Outgoing Drug Czar Issues Report Claiming; Critics Say Drug War Has Failed, New Standards are Needed
Reformers Call for New Drug Strategies Focused on Common Sense, Science, Public Health and Human Rights
Today President Clinton's director of the Office of National Drug Control Policy presented his final report on the results of the Drug War. Drug Czar General Barry McCaffrey claims "substantial progress" in the fight against illegal drugs during his tenure. Critics challenge his criteria for success.
"Barry McCaffrey will be remembered as yet another failed drug czar -- one whose rhetorical calls for more treatment and less incarceration were not matched by any substantive change in policy or budgetary priorities," said Ethan Nadelmann, director of the Lindesmith Center - Drug Policy Foundation, a leading drug policy institute in New York. "But, to be fair," he added, "the war on drugs persists because most politicians dare not admit that the strategy itself is fundamentally flawed."
Nadelmann points to the following indicators of the public health costs of drug use and our current prohibitionist policy:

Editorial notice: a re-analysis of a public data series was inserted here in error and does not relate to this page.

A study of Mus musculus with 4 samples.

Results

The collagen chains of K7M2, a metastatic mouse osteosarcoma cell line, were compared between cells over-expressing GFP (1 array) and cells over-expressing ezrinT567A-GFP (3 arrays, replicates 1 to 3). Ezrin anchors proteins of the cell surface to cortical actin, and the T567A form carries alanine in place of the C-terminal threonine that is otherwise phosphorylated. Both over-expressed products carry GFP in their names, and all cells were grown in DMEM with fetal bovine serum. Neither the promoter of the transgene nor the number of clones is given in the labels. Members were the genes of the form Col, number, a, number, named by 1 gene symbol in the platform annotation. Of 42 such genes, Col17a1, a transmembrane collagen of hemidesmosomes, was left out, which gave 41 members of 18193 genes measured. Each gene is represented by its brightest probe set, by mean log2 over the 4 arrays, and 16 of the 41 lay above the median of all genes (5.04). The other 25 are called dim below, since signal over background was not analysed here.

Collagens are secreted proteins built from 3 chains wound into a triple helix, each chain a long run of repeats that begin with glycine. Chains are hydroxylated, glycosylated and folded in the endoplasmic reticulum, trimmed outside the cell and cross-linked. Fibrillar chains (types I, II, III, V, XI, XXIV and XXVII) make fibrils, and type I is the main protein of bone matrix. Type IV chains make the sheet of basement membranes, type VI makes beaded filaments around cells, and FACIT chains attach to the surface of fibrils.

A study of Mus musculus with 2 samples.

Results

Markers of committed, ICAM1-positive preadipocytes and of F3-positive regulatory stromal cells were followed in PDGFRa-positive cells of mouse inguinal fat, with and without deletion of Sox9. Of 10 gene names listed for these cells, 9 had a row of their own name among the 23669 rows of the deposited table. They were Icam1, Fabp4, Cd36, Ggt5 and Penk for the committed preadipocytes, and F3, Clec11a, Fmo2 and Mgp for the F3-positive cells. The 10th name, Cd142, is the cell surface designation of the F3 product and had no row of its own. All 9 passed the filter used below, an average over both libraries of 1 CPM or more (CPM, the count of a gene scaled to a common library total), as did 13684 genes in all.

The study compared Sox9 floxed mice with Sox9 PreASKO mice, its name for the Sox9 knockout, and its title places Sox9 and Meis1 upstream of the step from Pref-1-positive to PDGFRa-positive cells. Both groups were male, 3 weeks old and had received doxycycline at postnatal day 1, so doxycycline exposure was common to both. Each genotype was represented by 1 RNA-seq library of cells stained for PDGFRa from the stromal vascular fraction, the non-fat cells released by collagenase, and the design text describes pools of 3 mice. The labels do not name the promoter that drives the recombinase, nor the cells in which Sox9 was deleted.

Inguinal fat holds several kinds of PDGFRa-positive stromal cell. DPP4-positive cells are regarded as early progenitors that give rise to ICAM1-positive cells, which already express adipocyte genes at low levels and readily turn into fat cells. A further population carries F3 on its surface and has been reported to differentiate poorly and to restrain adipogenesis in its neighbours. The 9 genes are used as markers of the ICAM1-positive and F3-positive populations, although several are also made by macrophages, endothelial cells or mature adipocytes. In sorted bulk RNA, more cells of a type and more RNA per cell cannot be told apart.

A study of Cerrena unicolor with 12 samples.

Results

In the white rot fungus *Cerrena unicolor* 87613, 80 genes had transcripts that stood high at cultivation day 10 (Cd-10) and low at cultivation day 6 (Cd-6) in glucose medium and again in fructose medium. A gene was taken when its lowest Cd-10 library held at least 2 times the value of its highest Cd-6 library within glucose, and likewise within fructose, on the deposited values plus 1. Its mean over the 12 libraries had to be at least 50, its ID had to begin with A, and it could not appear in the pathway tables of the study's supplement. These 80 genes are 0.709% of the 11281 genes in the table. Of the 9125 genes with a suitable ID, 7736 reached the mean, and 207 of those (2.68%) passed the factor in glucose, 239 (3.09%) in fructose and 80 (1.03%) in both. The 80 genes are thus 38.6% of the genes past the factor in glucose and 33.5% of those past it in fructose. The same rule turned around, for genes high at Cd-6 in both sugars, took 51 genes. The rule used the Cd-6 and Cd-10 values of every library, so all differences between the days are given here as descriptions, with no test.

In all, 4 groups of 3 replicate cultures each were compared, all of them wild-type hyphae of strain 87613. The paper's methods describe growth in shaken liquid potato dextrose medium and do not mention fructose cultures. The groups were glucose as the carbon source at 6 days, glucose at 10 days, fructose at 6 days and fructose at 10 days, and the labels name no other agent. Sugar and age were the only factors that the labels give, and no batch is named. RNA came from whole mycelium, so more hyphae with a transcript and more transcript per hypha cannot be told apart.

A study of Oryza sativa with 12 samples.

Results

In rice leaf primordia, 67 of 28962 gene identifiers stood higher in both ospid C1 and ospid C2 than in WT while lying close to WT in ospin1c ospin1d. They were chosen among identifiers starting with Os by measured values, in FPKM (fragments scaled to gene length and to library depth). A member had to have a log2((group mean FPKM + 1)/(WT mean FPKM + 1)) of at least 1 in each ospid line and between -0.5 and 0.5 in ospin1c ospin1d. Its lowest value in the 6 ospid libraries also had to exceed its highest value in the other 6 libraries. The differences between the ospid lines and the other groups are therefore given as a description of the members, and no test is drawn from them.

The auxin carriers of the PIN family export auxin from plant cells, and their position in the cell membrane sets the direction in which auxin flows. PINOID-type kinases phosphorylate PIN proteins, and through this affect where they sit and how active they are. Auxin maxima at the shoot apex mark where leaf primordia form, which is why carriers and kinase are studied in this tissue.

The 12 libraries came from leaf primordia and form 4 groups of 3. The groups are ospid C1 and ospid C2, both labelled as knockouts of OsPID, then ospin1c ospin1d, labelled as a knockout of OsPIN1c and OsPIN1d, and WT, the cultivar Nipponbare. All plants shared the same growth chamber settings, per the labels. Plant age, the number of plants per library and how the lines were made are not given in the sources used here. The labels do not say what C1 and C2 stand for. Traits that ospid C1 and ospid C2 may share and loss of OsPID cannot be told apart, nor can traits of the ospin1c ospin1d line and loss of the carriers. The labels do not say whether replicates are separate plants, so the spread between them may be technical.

- Though much of the drug czar's rhetoric focuses on the importance of treatment, only 31% of the federal drug budget is spent on treatment and prevention compared to the 69% dedicated to law enforcement and interdiction. According to the White House, only 40 percent of addicts who need treatment receive it.
"The current approach, with its drug free rhetoric and over-reliance on punitive, criminal justice policies costs billions more each year yet delivers less and less. As President-elect Bush considers Barry McCaffrey's successor, he should recognize that U.S. drug policy needs a new bottom line -- one that focuses not on reducing the total number of people who use drugs but rather on reducing the death, disease, crime and suffering associated with both drug use and drug prohibition," Nadelmann said.
According to the Lindesmith Center - Drug Policy Foundation, if the government were serious about the health and welfare of its citizens, it would immediately take the following steps:
- Make appropriate treatment available to every addict who seeks it, including methadone maintenance - which has been proven to be the most effective treatment for heroin dependence.